The National Association of Theatre Owners has finally spoken out about the financial peril involved in Disney’s ambitious day-and-date theatrical Disney+ release of Black Widow.
In a press release dropped Sunday afternoon following our analysis of what went sideways with the Marvel Cinematic Universe title, NATO asks how can a well-reviewed, well-received, highly anticipated Marvel title underperform leading to a first weekend Friday-to-Saturday collapse of 41%, and a 67% drop in Weekend 2? The organization comes to the same conclusions as we did in regards to Black Widow getting her legs picked off: Piracy, and Disney+ at-home cannibalization that impacts not just the box office but the pic’s subsequent home window as well.
The Disney theatrical day-and-date Disney+ model “ignores that Premiere Access revenue is not new-found money, but was pulled forward from a more traditional PVOD window, which is no longer an option,” reports NATO.
“Despite assertions that this pandemic-era improvised release strategy was a success for Disney and the simultaneous release model, it demonstrates that an exclusive theatrical release means more revenue for all stakeholders in every cycle of the movie’s life,” emphasizes the NATO news drop.
Given the opening day-to-weekend ratios of other comparable Marvel movies and other successful pandemic-era titles like F9 and A Quiet Place Part II, NATO says that Black Widow should have opened to between $92M-$100M. “Based on preview revenue, compared to the same titles, Black Widow could have opened to anywhere from $97M to $130M,” adds the release.
NATO goes further in specifying the lost amount of dollars for both Black Widow and exhibition: “The average number of people per household in the U.S. is 2.37. One can assume the family-oriented Disney+ household is larger. How much? How much password sharing is there among Disney+ subscribers? Combined with the lost theatrical revenue and forgone traditional PVOD revenue, the answer to these questions will show that simultaneous release costs Disney money in revenue per viewer over the life of the film.”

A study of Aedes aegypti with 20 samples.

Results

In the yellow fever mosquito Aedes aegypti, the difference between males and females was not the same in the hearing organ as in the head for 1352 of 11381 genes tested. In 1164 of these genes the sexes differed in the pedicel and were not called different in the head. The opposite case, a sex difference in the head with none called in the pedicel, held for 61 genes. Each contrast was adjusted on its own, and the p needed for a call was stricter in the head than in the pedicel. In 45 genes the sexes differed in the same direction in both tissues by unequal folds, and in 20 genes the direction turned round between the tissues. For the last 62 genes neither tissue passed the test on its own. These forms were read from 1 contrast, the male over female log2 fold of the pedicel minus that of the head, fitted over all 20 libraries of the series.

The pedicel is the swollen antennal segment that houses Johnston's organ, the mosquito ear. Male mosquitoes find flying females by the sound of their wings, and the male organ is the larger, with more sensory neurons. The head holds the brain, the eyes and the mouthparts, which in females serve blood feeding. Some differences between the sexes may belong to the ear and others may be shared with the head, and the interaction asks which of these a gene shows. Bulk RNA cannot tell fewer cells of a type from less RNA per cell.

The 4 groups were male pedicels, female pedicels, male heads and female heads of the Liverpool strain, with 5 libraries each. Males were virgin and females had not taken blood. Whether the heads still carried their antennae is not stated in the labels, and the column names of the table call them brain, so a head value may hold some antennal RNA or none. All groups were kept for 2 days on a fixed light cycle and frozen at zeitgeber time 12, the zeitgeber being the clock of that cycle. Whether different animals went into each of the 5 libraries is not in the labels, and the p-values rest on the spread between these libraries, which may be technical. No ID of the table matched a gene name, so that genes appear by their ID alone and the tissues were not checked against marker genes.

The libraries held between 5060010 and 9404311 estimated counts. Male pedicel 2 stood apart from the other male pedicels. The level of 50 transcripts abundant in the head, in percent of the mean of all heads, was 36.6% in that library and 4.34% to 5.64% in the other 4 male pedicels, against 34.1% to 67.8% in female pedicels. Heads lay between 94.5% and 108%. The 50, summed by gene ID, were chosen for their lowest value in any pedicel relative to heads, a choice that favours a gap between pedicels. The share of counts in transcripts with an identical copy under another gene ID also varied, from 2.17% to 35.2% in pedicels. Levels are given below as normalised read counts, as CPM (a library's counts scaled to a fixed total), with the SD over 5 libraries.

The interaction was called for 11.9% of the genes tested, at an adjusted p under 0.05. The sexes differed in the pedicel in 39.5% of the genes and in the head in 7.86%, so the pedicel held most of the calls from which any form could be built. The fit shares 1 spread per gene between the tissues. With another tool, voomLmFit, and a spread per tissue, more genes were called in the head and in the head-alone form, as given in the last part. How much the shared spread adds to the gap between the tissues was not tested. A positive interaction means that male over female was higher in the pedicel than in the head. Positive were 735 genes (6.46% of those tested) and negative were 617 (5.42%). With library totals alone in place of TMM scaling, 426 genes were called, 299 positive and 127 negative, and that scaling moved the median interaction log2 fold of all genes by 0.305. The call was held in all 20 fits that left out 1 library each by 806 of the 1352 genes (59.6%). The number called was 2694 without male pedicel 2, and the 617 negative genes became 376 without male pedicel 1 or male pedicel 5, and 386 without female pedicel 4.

NATO also pointed to the Torrent Freak report Deadline cited that said for the week ending July 12, Black Widow was the most pirated movie. We’ve heard from industry sources that Black Widow was pirated even more than Wonder Woman 1984.
“Piracy no doubt further affected Black Widow’s performance, and will affect its future performance in international markets where it has yet to open,” says the NATO release, with pristine copies “also available on myriad illegal streaming sites all over the internet.”
Concludes NATO: “This was also the case for all simultaneous releases (Wonder Woman 1984, Godzilla vs Kong, Cruella, Mortal Kombat). This did not happen for F9 or A Quiet Place Part II. How much money did everyone lose to simultaneous release piracy? The many questions raised by Disney’s limited release of streaming data opening weekend are being rapidly answered by Black Widow’s disappointing and anomalous performance. The most important answer is that simultaneous release is a pandemic-era artifact that should be left to history with the pandemic itself.”
NATO also specified like we did that Disney+ doesn’t keep 100% of its Premier revenue, but 15% of it goes to the platform providers.
At the onset of the pandemic in March 2020 before all movie theaters closed down, NATO spoke out against Universal’s then theatrical-PVOD day-and-date release for Trolls World Tour. Very quickly, due to Covid, this wound up being largely a PVOD release, with only drive-ins in operation at that point in time booking the DreamWorks Animation sequel.
A few months later, AMC publicly dinged Universal over its attempted crunching of windows, which resulted in a peaceful settlement between the studio and No. 1 exhibitor whereby the theatrical window on most titles was 17 days, followed by a simultaneous PVOD release, of which AMC would be able share in revenue. On those titles opening to north of $50M, Uni’s theatrical window lasts longer at 30 days before hitting PVOD.